Think Small for Social Media Marketing Wins

I often tell my students "marketing is easy; marketers screw it up." The marketing concept itself is based on a rather simple notion that an organization should have dual pursuits of satisfying customers' needs and wants while meeting profitability and other internal goals. Another example of the simplicity of marketing is that there are really only two ways to add value to products or services:

  1. Increase benefits 
  2. Reduce sacrifices
I could discuss several other instances in which marketing decisions can be boiled down to straightforward considerations, but that is not the point of this post. The focus is how to not screw up one of the newest, shiniest tools in our marketing toolkit: Social media.

Ditch the Big Thinking
Strategic planning is often about thinking big- more market share, percentage increase target for profits, specific dollar or unit volume for sales. We hear about BHAG- big, hairy, audacious goals. Apparently, there is no room for small thinkers in marketing. When it comes to social media, that is simply untrue. Digital marketing expert Mitch Joel recently posted in his Six Pixels of Separation blog about "The Small Wins from Social Media." Joel points out that the "big thinking" mentality that governs most marketing organizations found its way into social media marketing strategy. How many "likes" can we get on Facebook? How many followers can we add on Twitter? Restaurants, retailers, and others have run promotions giving away product and offering price discounts in a quest to amass a large social media following. Never mind that little thought may be given to what to do with the audience once collected, let's just up those audiencenumbers!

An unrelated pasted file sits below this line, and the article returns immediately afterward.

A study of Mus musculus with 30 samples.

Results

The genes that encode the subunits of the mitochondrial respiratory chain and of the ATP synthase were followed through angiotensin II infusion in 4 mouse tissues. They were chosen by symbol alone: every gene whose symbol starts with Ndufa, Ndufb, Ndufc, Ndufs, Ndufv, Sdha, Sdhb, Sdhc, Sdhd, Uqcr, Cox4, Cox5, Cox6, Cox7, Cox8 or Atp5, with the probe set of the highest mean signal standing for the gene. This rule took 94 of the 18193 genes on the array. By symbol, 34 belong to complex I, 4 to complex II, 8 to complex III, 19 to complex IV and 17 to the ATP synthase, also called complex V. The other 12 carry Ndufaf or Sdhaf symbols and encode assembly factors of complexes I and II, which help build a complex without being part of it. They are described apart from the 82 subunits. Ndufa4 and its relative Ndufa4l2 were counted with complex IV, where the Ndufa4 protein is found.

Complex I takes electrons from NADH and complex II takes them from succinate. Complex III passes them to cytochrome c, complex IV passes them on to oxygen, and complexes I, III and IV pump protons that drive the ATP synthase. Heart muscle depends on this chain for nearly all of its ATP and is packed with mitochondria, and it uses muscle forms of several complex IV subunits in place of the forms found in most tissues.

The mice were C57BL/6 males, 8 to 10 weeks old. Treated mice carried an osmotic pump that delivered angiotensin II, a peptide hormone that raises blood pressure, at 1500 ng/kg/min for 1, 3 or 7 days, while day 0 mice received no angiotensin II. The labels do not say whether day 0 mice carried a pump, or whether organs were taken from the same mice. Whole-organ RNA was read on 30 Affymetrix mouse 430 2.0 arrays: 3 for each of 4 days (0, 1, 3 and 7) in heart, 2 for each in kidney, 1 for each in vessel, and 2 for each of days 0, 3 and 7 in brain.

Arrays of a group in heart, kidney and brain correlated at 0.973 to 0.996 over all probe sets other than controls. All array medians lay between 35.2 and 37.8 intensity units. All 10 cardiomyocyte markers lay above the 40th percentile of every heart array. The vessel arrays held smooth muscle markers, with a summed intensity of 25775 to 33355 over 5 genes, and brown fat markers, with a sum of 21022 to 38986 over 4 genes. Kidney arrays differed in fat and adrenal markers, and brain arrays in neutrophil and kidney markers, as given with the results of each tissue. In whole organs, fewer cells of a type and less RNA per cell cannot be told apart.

Small Ball" Wins
To borrow a baseball analogy, think of social media marketing as having the same impact that a singles hitter has in baseball. The performance may lack the drama of a home run, but consistency in getting hits improves batting average and helps the team. According to Mitch Joel, small wins in social media include getting customers to talk about themselves (rather than a focus on talking about the product or company), using blogs to develop a repository of critical thinking (as opposed to product promotion), and using podcasts to network with thought leaders and other influentials. Reach-oriented goals (i.e., the home runs) that are the norm in mass media-driven marketing are not necessarily a good fit for social media campaigns. Instead, Joel advocates looking for the small wins, advances in customer relationships and brand equity that are not as quantifiable and may lack the "wow factor" compared to size of audience.

Figuring out how to use social media as part of the marketing mix can be a daunting challenge. Simplify it by thinking small- use social media to achieve small gains in customer relationships and competitive position.